Elon Musk is aiming to increase Twitter's annual revenue to US$26.4 billion (S$36.6 billion) by 2028, up from US$5 billion last year, the New York Times reported, citing a pitch deck presented by the world's richest man to investors.
Advertising will fall to 45 percent of total revenue under Musk, down from about 90 percent in 2020, generating US$12 billion in revenue in 2028, while subscriptions are expected to pull in another US$10 billion, according to the report.
The head of electric-vehicle maker Tesla also aims to increase Twitter's cash flow to US$3.2 billion in 2025 and US$9.4 billion in 2028, the newspaper reported, citing the presentation.
Musk clinched a deal last month to buy Twitter for US$44 billion in cash, in a move that will shift control of the social media platform populated by millions of users and global leaders to the Tesla chief.
The billionaire has promised to revitalise the company and expand the number of users by cracking down on spambots and reducing the amount of moderation to facilitate more "free speech".
After the closure of the deal, Musk is expected to become Twitter's temporary CEO, a person familiar with the matter told Reuters.
Among his other goals, Musk expects the social media company to bring in US$15 million from a payments business in 2023 that will grow to about US$1.3 billion by 2028, the NYT cited the document as saying.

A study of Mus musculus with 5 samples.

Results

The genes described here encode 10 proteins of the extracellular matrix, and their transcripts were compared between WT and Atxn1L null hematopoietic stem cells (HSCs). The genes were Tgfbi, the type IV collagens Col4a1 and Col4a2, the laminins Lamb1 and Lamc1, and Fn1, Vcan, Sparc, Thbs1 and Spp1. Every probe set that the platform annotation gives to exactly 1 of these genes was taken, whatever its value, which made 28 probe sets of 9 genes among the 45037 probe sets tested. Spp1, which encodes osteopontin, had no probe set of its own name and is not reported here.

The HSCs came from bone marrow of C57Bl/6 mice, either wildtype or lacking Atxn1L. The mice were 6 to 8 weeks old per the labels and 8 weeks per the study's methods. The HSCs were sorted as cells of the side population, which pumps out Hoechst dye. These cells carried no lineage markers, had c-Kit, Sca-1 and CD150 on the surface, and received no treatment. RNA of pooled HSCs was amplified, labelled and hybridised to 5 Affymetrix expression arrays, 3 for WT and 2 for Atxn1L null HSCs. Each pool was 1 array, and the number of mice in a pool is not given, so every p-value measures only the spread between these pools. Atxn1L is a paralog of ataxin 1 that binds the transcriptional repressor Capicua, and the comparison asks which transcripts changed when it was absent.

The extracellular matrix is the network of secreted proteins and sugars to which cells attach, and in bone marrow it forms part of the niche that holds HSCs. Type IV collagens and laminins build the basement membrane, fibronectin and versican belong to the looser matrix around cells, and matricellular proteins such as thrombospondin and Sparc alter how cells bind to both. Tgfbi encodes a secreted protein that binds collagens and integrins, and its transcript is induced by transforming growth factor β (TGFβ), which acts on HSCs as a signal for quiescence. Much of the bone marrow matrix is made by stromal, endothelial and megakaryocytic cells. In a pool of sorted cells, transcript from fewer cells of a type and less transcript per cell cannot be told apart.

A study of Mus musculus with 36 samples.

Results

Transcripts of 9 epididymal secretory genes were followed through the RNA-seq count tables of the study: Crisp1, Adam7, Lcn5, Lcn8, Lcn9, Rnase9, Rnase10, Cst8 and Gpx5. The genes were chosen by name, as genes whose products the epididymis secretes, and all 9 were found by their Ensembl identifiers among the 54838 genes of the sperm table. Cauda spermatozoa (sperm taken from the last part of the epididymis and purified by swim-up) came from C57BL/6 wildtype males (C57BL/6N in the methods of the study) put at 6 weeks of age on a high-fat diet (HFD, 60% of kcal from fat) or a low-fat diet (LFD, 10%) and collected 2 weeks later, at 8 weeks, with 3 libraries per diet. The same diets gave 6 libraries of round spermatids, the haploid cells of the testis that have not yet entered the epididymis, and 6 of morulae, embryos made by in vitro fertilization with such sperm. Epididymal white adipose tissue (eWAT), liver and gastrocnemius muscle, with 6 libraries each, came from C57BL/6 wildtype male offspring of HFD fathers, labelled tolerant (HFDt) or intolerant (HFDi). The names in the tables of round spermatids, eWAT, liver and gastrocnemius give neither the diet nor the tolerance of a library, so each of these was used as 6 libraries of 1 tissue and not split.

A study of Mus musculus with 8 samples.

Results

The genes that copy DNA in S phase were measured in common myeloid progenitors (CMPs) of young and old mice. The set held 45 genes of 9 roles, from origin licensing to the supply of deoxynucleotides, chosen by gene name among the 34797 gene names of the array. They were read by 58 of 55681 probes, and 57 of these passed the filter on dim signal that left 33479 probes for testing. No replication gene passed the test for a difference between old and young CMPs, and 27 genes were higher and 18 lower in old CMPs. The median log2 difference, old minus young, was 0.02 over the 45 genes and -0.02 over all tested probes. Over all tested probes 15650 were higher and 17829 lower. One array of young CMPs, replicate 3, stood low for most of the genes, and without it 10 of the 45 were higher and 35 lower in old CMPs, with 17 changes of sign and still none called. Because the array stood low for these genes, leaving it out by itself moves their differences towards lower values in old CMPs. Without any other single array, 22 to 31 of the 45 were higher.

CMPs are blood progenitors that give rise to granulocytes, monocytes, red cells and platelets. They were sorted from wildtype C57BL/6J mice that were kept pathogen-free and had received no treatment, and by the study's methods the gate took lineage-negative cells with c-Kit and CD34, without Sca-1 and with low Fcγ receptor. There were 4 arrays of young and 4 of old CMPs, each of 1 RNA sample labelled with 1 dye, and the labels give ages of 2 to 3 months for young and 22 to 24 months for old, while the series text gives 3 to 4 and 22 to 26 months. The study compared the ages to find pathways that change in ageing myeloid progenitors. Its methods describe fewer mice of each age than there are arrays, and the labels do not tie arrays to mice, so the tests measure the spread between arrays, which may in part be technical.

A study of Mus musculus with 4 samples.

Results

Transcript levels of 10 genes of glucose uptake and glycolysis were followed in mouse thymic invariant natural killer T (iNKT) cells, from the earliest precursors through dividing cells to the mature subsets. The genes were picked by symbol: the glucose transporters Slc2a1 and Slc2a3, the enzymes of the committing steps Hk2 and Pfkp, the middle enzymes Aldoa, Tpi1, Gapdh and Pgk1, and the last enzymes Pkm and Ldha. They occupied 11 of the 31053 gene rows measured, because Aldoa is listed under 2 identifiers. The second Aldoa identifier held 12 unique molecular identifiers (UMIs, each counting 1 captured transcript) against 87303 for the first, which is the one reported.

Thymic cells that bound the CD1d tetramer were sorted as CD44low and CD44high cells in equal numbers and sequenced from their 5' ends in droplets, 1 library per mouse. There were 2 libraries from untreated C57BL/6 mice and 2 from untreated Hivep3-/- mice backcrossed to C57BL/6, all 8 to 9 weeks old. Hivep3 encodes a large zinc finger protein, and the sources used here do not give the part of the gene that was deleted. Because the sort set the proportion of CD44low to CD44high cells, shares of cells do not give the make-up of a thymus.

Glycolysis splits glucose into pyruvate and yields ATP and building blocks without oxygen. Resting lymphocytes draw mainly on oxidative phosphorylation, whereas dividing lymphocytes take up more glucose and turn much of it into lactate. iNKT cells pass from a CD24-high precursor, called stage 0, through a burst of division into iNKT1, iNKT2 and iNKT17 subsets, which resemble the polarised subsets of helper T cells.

Musk anticipates he can increase Twitter's average revenue per user to US$30.22 in 2028 from US$24.83 last year, it added.
He also expects Twitter to have 11,072 employees by 2025, up from around 7500.
Revenue from Twitter Blue, the company's premium subscription service launched last year, is expected to have 69 million users by 2025, the NYT reported.
Musk, in a now-deleted tweet last month, suggested a raft of changes to the social media giant's Twitter Blue premium subscription service, including slashing its price.
Last week, Musk listed a group of high-profile investors who are ready to provide funding of US$7.14 billion for his Twitter bid, including Oracle co-founder Larry Ellison and Sequoia Capital.
Musk has increased the financing commitment to US$27.25 billion, which includes commitments from 19 investors, and reduced a margin loan from Morgan Stanley tied to his Tesla stock to US$6.25 billion.
He has already secured commitments for US$13 billion in loans against Twitter shares.
Musk could not be reached for comment. Twitter did not immediately respond to a Reuters request for comment.